Swain (2000) represented output within the
sociocultural perspective by using the term “collaborative dialogue”. In
opposition to interactionist approach, which focuses on individual cognitive
attempt for comprehensibility of message, the sociocultural approach emphasizes
the collaborative effort for co-construction of meaning. As Donato (2004)
stated, ” collaboration is a powerful concept that moves us beyond reductive
input–output models of interaction and acknowledges the importance of goals,
the mutuality of learning in activity, and collective human relationships” (pp.
299–230). Thus, the sociocultural approach stresses the dialogic and dynamic
nature of peer–peer interaction. Collaborative dialogues can be generated
during reading, speaking, writing, listening and even grammatical activities.
Through collaborative dialogue, learners help each other reciprocally during
the process of interaction. This is extension of sociocultural perspective by
claiming that, in peer-peer interaction, learners can act as both experts and
novices during collaboration (Kowal and swain, 1994).
Collaborative dialogue and L2
There are several studies, which argued that
peer-peer dialogue mediates learning. For instance, Storch (1999) found that
collaboration had a positive effect on overall grammatical accuracy of students
during completing form-focused activities such as, a cloze exercise, a text
reconstruction, and a short composition.
Likewise, DiCamilla and Anton (1997) analyzed
the discourse of five pairs of Spanish L2 learners who were working on a
writing assignment. They produced collaborative dialogues during their joint
interaction. In particular, they indicated that repetition helps students in
recognizing features of language. It also results in providing necessary
assistance by peers, themselves, to solve problems of lexis, spelling, verb
form, and etc.
In line with above- mentioned examples,
Tajeddin and Jabbarpoor (2014) investigated the effectiveness of individual
versus collaborative focus-on-form instructional tasks on the acquisition of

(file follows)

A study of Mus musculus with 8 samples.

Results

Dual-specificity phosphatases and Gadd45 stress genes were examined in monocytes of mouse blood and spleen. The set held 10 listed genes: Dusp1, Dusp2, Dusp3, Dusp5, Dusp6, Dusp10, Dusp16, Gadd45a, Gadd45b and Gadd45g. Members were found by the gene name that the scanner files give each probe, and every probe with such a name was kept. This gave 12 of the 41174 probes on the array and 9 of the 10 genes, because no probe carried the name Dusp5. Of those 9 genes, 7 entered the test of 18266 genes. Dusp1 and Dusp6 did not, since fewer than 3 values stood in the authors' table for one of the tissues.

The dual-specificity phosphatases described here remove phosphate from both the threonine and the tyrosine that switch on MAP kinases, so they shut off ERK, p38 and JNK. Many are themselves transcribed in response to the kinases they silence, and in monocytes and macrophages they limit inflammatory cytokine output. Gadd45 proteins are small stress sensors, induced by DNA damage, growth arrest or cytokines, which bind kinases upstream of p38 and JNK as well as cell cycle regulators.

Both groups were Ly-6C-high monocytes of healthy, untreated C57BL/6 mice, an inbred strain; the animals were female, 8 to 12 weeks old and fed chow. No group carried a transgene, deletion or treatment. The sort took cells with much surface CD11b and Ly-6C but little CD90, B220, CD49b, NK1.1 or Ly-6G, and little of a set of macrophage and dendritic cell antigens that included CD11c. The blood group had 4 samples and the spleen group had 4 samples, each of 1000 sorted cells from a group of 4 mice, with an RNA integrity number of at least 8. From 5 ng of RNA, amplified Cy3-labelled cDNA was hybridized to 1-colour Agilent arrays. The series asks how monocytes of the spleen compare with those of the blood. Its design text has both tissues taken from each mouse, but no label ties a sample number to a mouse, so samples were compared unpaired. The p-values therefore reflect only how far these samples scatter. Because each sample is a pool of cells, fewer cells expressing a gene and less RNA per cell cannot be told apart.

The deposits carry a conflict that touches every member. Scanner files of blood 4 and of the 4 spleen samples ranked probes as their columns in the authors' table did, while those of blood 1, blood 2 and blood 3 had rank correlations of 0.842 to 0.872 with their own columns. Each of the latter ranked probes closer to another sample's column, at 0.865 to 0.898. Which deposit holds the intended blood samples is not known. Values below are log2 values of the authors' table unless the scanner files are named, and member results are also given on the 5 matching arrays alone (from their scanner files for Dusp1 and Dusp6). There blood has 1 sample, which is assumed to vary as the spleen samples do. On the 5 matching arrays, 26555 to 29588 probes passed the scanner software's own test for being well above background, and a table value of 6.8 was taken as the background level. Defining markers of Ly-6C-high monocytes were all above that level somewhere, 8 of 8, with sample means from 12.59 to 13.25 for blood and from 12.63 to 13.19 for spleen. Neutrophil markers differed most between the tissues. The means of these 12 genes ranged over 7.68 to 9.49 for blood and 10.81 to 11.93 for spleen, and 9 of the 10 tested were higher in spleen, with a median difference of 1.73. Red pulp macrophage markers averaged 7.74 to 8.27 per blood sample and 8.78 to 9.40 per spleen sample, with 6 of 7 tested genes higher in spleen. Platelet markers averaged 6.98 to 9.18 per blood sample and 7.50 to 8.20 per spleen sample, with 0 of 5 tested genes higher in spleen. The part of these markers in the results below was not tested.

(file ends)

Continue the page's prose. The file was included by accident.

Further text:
English inversion structures by EFL learners. Results showed that collaborative
task showed more success over individual task implementation. In other words,
they concluded that collaborative language production can increase grammatical
acquisition. This study will also examine a grammatical feature (i.e., English
conjunctions), which is a controversial area for EFL learners.
Language- related episodes and L2
Collaborative dialogue can be
defined in terms of language-related episodes (LREs). An LRE is defined as
”any part of a dialogue where students talk about the language they are
producing, question their language use, or other- or self-correct their language
production” (Swain, 2001, p. 287). There are a lot of studies which have
analysed the significance of language-related episode in L2 learning. (e.g.,
Kim and McDonough, 2008; Kowal and Swain, 1994; Leeser, 2004; Swain, 2000;
Swain and Lapkin, 1998, Watanabe and Swain, 2007; Williams, 2001).
Swain and Lapkin (1998) analyzed
the dialogue of two grade eight French immersion students as they
collaboratively wrote a story. They used LREs as their unit of analysis. By
using the results of pre and posttest, they demonstrated that some LREs were
the basis of learning.
It is worthy of mentioning that several
factors such as proficiency, nature of the tasks, context, and even
psychological factors can affect both occurrence and resolution of LREs and the
LREs and proficiency differences:
Proficiency level of the learners
is one of the most important variables that can affect LREs (e.g., Abadikhah
and Mosleh, 2011; Leeser, 2004; Williams, 2001). When teachers assign learners
into different pairs or groups in classroom, the role of proficiency becomes
Different studies in the realm of
proficiency revealed contradictory results. Based on Van Lier (1996), more
proficient learners will be more successful by teaching less proficient peers;
however, other studies asserted that the more proficient learner may repudiate
the input or feedback, which comes from the less proficient one during
collaboration (Yule & Macdonald, 1990).
Williams (2001) investigated the effect of proficiency level on LREs.
She investigated whether English L2 learners from different proficiency levels
varied in terms of the quantity and quality of LREs during collaborative
activities or not. She found that as proficiency of learners increased,
occurrence of LREs increased as well. Furthermore, the learners were able to
correctly resolve their LREs more frequently as their proficiency increased.
Leeser (2004) accepted this result by
indicating that the greatest number of LREs was produced by high-high pairs,
while they wanted to carry out a dictogloss task. Their collaborative dialogue
was also analyzed in terms of the type (lexical or grammatical) and the
resolution of LREs (correct, unresolved, or incorrect). While correct
resolution was the most frequent outcome across dyad types, low–low dyads were
more likely to leave LREs unresolved.
On the contrary, Watanabe and Swain (2007) focused
on individual learners who interacted with both more and less proficient peers.
They wanted to investigate how frequency of LRES changed when four core
participants interacted with eight higher and lower non-core participants. The
results showed that core learners produced more LREs with a higher level peer,
during writing stage. However, core learners produced more LREs with lower learners,
during the noticing stage. So, this study neglected previous results which
showed that growth in levels of proficiency will always lead to more LREs, by
stating that that the pairs who produced both the most and the least LREs were
core-low pairs during noticing stage.